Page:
Monday, October 30, 2006
Morris Hirshfield's "Overnight" Success
"Morris Hirshfield came to the United States from eastern Europe at the age of 18. Like many other Jewish immigrants of this period, he found work in the garment industry, at first in a women's coat factory. Hirshfield soon opened his own coat factory with his brother, but after 12 years, they started a new company, the EZ Walk Manufacturing Company, which made women's "boudoir slippers," as Hirshfield called them. This business operated with great success until Hirshfield became ill and then retired.
In 1937, at the age of 65, Hirshfield began to paint, much to the bewilderment of his wife and family. The subjects he was immediately drawn to were women, animals, and occasionally themes from his Jewish heritage.
A record of Hirshfield's life and career as an artist was written by Hirshfield himself for Sidney Janis's 1942 book They Taught Themselves. Janis had come upon Hirshfield's paintings a few years earlier while organizing an exhibition called "Contemporary Unknown American Painters" for the Museum of Modern Art. Upon seeing Hirshfield's Angora Cat, he immediately included work from the new artist in the exhibition.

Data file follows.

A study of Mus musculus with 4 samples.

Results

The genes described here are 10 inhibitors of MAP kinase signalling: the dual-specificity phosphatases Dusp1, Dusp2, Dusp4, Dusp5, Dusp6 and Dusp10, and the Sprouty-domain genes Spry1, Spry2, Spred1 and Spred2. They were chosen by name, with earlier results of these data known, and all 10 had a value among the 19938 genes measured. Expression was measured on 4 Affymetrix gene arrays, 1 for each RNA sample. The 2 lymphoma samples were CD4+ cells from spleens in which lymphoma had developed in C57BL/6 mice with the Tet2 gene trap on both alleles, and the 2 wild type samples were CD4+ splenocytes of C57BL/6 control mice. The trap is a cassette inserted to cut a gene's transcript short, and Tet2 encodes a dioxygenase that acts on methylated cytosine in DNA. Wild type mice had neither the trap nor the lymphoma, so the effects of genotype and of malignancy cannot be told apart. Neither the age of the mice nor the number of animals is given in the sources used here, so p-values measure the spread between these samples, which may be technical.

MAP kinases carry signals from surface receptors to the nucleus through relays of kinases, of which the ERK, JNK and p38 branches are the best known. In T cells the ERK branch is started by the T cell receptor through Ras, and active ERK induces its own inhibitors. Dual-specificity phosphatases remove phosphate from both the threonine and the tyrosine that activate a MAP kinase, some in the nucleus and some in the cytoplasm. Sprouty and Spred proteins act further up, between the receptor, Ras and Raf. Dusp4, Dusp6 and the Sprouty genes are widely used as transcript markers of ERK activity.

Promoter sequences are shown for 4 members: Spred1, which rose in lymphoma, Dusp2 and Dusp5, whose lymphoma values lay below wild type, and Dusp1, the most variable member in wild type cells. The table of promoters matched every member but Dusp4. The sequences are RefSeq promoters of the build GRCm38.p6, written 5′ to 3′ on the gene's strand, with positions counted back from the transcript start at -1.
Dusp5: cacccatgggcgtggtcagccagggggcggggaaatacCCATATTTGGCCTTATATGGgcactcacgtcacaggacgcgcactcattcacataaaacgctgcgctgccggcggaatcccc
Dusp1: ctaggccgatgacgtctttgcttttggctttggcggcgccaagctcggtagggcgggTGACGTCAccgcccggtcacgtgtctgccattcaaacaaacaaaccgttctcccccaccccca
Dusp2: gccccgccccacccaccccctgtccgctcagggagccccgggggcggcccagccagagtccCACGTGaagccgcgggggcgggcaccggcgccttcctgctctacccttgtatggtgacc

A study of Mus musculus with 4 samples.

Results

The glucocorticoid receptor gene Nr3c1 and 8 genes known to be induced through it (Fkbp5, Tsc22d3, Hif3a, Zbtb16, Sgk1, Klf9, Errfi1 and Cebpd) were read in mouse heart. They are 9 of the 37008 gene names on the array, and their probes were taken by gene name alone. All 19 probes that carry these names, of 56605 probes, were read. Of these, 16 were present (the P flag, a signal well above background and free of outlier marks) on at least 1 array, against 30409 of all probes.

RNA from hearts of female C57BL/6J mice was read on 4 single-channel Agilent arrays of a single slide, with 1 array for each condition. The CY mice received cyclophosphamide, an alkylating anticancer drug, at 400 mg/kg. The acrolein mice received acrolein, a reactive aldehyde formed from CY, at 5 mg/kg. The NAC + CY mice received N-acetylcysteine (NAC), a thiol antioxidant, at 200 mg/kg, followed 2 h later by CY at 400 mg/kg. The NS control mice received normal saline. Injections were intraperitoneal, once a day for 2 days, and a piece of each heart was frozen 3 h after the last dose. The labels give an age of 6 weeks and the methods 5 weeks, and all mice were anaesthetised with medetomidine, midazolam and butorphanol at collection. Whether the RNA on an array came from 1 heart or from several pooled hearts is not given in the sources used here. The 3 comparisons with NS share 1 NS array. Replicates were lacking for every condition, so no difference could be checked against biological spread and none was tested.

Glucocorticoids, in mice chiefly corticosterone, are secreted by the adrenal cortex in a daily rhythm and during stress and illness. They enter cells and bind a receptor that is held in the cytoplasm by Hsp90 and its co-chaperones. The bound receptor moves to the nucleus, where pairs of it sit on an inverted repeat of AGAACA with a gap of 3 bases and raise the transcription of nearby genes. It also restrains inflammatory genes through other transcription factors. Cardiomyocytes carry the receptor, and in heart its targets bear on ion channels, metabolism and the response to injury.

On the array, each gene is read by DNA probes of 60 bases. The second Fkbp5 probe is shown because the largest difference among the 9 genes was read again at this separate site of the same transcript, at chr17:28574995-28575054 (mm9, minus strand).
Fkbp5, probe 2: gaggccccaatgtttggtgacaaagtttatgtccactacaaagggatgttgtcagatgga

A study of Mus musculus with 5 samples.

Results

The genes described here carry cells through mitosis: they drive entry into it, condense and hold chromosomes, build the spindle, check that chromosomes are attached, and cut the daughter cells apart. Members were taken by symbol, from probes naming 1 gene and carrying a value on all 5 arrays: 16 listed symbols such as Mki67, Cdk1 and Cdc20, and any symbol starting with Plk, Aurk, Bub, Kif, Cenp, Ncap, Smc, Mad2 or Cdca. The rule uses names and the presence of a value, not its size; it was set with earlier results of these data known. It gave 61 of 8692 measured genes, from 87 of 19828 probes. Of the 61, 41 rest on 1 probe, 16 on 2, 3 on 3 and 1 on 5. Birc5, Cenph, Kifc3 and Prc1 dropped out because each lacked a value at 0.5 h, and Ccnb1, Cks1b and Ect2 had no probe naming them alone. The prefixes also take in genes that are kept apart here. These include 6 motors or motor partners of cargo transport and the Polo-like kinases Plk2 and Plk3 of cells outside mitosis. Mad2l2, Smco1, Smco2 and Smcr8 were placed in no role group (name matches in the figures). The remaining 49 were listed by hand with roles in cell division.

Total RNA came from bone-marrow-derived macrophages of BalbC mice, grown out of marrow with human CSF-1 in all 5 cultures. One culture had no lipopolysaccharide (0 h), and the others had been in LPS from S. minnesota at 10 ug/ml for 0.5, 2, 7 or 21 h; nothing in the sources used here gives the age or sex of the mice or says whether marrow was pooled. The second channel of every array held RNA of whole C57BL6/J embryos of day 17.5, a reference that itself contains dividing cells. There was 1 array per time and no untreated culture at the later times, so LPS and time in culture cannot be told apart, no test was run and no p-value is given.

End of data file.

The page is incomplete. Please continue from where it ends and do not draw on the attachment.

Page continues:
In 1941 Hirshfield was given a one-man exhibition at the Museum of Modern Art that included 30 paintings."
I love Morris Hirshfield. To think it only took him 4 years to have the show of a lifetime at MOMA with the 30 paintings he had done up until that point. He completed only 77 works of art before his death- 9 years after he started painting.